Friday, August 10, 2007

Do we need Private Equity Funds to tackle X-inefficiency and organisational slack in fat-cat universities?

Harvard University has an endowment of about $ 30 bn. Yale follows with around $18 bn. Then Stanford with out $14 bn and Princeton with about $13 bn. Cambridge University (including the colleges) probably has an endowment of about $3 or $ 4 bn (a surprisingly large chunk of which is owned by Trinity College). Is this money well used? Does Harvard’s endowment produce eight to ten times more academic value added than Cambridge’s endowment? Whose money is it legally and who are the de facto 'beneficial owners'?

I’ll leave it to the lawyers to determine who the legal owner(s) is (are). It’s pretty clear who the principal beneficial owners are: current and future faculty. With future faculty selected by current faculty – we have a classic example of a self-perpetuating oligarchy.

The formal legal status of universities differs; I am considering here mainly those that have de-facto charitable status, like all the leading private American universities. In the UK, universities and Oxbridge colleges are charitable foundations.

Let’s characterise the official, mandated purpose of these institutions of higher learning as maximizing the present discounted value of teaching and scholarship (research) or PTR over an infinite horizon. As in most organisations, there is a principal-agent (or trustee/beneficiary) problem inherent in the way universities are run.

Universities like Harvard, Yale, Stanford, Princeton, Cambridge and many others, are basically run like worker-managed firms (the old Yugoslav model), with an infinite horizon (the workers cannot liquidate the business and divide the profits among themselves). These agents, even when they care about the mandate of the institution they manage and control (the maximisation of the PTR) have additional, and potentially conflicting, selfish objectives: status, creature comforts, power, prestige, income, etc. We know from the theoretical and empirical literature of worker-managed firms that they tend to pamper the incumbent workforce (paying them their average product rather than their marginal product, in the simplest example). If there is a seniority system, and the incumbents control the hiring process (and the firing of the non-tenured) , the pampering and privileges of the senior incumbents (the tenured faculty) can be massive.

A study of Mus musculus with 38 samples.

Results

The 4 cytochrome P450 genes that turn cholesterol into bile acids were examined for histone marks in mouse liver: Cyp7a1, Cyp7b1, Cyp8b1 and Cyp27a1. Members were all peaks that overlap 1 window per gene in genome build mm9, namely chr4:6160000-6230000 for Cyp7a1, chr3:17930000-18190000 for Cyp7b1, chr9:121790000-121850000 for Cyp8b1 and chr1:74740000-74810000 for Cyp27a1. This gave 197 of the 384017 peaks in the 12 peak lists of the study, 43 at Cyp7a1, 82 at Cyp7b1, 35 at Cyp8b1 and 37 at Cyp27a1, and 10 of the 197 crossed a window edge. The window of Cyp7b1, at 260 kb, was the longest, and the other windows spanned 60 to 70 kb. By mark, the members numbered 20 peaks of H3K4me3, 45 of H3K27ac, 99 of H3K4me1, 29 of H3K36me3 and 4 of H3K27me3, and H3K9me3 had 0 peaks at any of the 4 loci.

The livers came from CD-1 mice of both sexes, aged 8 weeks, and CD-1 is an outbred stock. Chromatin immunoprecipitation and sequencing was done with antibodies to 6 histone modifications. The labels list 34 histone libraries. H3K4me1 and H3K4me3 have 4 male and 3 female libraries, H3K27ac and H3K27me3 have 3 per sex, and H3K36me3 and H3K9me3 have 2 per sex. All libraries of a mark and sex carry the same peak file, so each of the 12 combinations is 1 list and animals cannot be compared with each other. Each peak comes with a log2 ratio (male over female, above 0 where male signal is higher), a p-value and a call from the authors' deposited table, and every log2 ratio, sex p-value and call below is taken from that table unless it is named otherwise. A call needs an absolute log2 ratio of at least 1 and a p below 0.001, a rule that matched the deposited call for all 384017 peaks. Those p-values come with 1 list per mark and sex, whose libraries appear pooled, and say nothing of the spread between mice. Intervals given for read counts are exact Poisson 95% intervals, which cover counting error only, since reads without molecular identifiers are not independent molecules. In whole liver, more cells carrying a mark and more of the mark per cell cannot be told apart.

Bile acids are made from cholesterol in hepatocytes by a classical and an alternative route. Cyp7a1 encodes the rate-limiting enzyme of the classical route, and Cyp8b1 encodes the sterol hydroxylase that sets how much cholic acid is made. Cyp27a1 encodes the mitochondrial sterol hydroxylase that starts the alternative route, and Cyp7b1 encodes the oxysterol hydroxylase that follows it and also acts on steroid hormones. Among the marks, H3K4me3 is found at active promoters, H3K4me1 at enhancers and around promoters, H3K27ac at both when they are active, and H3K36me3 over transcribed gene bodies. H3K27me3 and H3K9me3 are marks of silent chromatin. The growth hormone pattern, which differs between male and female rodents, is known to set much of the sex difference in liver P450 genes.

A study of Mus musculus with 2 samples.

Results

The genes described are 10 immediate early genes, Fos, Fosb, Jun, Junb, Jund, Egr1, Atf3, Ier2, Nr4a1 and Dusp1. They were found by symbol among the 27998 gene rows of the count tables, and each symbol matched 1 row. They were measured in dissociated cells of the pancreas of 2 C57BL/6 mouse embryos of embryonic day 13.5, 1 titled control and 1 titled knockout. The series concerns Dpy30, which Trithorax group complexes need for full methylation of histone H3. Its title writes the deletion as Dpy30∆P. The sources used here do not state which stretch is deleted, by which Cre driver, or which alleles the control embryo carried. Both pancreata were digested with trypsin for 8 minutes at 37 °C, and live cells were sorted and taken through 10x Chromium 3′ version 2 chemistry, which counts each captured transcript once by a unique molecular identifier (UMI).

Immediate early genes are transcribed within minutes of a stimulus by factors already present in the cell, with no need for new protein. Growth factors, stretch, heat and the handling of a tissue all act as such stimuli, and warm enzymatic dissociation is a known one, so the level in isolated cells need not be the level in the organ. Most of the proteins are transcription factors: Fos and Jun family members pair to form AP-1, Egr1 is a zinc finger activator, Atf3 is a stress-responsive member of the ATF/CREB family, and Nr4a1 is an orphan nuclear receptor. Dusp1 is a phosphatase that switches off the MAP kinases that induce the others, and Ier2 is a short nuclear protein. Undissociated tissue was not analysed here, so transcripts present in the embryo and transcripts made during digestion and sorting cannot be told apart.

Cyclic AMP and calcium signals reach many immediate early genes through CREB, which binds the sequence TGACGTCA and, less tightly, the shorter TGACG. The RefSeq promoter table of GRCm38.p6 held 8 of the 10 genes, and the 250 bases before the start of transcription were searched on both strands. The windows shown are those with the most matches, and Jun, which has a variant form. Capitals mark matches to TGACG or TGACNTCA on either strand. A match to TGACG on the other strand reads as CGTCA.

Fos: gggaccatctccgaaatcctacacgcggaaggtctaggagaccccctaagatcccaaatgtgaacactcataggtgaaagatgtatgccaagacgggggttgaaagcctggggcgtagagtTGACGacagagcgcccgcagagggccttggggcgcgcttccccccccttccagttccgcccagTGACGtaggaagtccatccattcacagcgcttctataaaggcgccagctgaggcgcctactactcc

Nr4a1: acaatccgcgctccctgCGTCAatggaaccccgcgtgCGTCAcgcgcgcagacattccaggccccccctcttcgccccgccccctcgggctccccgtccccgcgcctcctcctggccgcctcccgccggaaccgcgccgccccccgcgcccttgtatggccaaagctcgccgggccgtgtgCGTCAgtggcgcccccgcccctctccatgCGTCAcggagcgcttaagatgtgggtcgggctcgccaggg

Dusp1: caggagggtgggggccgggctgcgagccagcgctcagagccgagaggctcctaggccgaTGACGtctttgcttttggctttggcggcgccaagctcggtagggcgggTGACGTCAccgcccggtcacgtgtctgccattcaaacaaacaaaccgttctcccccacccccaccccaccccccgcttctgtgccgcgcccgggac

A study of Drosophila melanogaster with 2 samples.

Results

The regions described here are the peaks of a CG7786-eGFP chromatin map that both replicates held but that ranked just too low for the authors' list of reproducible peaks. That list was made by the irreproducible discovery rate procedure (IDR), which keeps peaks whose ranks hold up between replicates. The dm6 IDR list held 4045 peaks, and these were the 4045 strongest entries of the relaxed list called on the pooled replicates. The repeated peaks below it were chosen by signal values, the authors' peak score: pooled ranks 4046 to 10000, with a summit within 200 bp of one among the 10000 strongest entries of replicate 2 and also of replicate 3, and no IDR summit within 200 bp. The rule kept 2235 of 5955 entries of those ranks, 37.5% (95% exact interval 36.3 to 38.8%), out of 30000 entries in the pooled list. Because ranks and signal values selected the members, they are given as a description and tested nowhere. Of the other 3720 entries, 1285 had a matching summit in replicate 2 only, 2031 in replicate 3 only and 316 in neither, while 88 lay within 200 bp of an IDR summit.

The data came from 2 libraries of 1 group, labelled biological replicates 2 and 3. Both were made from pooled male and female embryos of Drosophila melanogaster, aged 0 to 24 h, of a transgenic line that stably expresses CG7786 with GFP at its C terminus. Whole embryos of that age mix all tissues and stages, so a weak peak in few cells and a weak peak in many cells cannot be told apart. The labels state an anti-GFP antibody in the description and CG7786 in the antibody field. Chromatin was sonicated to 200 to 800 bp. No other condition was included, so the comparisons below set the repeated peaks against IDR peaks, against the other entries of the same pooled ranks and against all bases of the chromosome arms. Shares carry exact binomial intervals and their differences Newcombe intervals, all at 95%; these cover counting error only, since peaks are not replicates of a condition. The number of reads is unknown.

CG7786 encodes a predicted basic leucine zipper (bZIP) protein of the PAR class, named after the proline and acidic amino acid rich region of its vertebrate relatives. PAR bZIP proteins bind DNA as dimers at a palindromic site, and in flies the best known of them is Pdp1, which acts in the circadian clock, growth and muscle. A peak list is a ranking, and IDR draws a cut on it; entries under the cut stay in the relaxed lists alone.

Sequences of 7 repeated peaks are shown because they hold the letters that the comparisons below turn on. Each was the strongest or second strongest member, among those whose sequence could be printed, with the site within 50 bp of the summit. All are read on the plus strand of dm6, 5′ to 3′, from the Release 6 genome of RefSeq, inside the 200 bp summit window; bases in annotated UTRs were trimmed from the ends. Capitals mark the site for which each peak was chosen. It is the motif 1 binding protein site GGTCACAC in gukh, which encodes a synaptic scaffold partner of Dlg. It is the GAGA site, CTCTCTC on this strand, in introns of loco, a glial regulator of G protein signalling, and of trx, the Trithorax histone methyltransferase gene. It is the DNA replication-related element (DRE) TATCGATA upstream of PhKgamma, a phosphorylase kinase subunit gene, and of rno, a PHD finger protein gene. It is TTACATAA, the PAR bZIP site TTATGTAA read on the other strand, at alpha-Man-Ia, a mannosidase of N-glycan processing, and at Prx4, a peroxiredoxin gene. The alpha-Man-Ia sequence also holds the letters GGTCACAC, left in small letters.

Not only do universities provide significant rents and creature comforts to their beneficial owners, I would conjecture that in addition, even allowing for the complexity of their products and production processes, universities are woefully badly managed. It is still extremely difficult to bring in professional managers. Within universities, those who can, do research, those who cannot, teach and those who cannot even do that, do administration. Managing academics is like herding cats. Academics are not selected for their maturity, leadership capabilities and teamwork. Universities are a classic example of an under-performing industry.

There are some competitive spurs to efficiency in the university sector – there are new entrants, at home and abroad, and some universities (not enough, unfortunately) go broke and disappear - but the capacity for an outsider to come in, reorganise and restructure the assets of under-performing fat cat universities (UFCUs) is effectively non-existent, unless the institution is about to go broke. The weeding out of the woeful therefore proceeds far too slowly, especially when the woeful are the best but still not as good as they could and ought to be.

Assume that the leading private American universities are listed and traded on the ICP (the Intellectual Capital Market) and that what is priced and traded on this market are shares in the PTR. There is a large population of investors out there who value teaching and research. Assume also that, whatever happens to the individual academic institutions, the resources of the existing universities can only be used for the same purpose: the maximisation of the PTR.

It is my conjecture that before you could say ‘academic freedom’, private equity funds would have snapped up most of the UFCUs, fired most of the labour force, sold most of the assets, and started again with a quite different ownership and control structure.